Mike A. Bryan, staff writer

Barack Obama put it well when he said, “The thing about Hip Hop today is it is smart, it is insightful. The way they can communicate a complex message in a very short space is remarkable.”

Not only is it smart, but it is extremely popular, as evidenced by the newest Nielsen music ratings. The category, labelled “R&B and Hip Hop,” has overtaken the Rock category, not only in streaming service listening, but also in overall music consumption. Unsurprisingly, Rock still takes the number one spot when it comes to album sales, but due to the popularity of online streaming services, the overall number of albums sold shrinks each year. Although the category is named “R&B and Hip Hop,” there is much evidence pointing to the fact that the R&B part of the category is not what is growing exponentially; it is Hip Hop that has infiltrated all components of our society.

In addition to being smart and popular, R&B and Hip Hop are so intricately tied to our popular culture today, that this music can be heard everywhere from the club to the newest summer blockbuster movie soundtrack. R&B has been a powerful movement in popular music since the 1950’s, with St. Louis native Chuck Berry serving as a perfect example of how that music led to the birth of Rock and Roll. Hip Hop, meanwhile, burst onto the scene in the late 1970’s, invented in the New York Bronx by artists like  Kool Herc, Afrika Bambaataa, and Grandmaster Flash.

Forbes Magazine has declared that Hip Hop is king, which should not surprise anyone who has been paying attention to the music played on the radio or MTV. Furthermore, there are entire music TV channels that are fully dedicated to Hip Hop and the associated culture, such as Sean Combs’ “Revolt.” Other channels like Viceland feature shows about rappers, such as the funny and inspirational “American Boy Band,” which focuses on Kevin Abstract and his collective, BROCKHAMPTON. Hip Hop has become so pervasive in our popular culture that even the Kid’s Bop CD series features songs by rappers like Waka Flocka Flame.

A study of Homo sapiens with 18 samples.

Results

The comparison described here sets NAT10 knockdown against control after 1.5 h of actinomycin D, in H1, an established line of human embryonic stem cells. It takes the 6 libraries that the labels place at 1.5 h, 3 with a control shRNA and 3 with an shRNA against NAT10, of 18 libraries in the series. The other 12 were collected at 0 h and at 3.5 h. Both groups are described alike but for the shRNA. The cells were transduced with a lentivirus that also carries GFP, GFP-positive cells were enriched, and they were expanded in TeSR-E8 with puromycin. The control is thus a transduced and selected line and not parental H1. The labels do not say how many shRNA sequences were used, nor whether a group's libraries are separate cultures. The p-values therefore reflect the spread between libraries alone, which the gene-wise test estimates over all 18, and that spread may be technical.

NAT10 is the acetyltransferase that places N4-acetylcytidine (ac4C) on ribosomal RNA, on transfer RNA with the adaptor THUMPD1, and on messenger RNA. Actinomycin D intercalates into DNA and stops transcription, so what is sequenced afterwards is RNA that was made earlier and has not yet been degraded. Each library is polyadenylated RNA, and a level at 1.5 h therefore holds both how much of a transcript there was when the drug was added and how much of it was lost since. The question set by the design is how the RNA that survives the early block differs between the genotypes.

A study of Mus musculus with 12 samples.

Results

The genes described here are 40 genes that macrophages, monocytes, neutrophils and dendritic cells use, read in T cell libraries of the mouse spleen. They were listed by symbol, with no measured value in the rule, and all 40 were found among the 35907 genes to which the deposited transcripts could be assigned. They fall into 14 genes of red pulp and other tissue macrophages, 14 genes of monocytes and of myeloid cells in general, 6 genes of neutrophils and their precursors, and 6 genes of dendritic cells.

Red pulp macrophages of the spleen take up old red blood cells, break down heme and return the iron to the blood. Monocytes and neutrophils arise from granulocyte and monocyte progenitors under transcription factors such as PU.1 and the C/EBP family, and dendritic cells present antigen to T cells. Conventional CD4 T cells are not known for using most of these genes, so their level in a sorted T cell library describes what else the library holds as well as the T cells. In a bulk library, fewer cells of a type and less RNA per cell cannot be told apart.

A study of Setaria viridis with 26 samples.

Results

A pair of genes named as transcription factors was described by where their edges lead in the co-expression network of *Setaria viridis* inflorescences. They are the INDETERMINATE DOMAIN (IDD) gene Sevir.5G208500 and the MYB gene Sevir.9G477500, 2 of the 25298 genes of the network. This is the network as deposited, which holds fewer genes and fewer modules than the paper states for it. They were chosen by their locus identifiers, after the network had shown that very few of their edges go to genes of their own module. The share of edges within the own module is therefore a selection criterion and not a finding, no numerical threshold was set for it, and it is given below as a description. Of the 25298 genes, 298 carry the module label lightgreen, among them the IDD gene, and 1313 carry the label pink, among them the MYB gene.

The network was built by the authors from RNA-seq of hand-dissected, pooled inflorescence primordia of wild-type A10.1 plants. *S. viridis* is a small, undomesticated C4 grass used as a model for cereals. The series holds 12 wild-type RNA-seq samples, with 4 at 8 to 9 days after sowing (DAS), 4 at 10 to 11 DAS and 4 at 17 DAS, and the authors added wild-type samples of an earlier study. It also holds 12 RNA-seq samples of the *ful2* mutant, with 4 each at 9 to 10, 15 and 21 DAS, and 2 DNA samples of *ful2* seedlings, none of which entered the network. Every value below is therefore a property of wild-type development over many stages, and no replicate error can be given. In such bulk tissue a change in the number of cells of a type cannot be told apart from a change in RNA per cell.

The rise in popularity of Hip Hop is closely correlated with the growth in online music streaming services. While Pandora, Spotify, and Apple Music have a wide range of genres, other popular platforms like DatPiff and SoundCloud are dominated by the Hip Hop category. On those platforms, “mixtapes” have become the dominant form in the genre, which is a throwback to the 80’s and 90’s, when selling cassette tapes out of a car trunk was the most effective way for rappers to disseminate their music. Many rappers put out a slew of mixtapes before ever releasing an actual album in record stores, contributing to the popularity of these online music streaming services.

Although Kanye West may think that he is bigger than the Beatles, it will take some time before the yearly total music sales reflect the actual popularity of the genre of Hip Hop. In the meantime, it will keep growing and infiltrating more parts of popular culture.

If you are curious about how Hip Hop came to be, check out “The Get Down” on Netflix – it is a fictitious account of that time period in the Bronx, but relies heavily on real events and people to tell the story of early Hip Hop.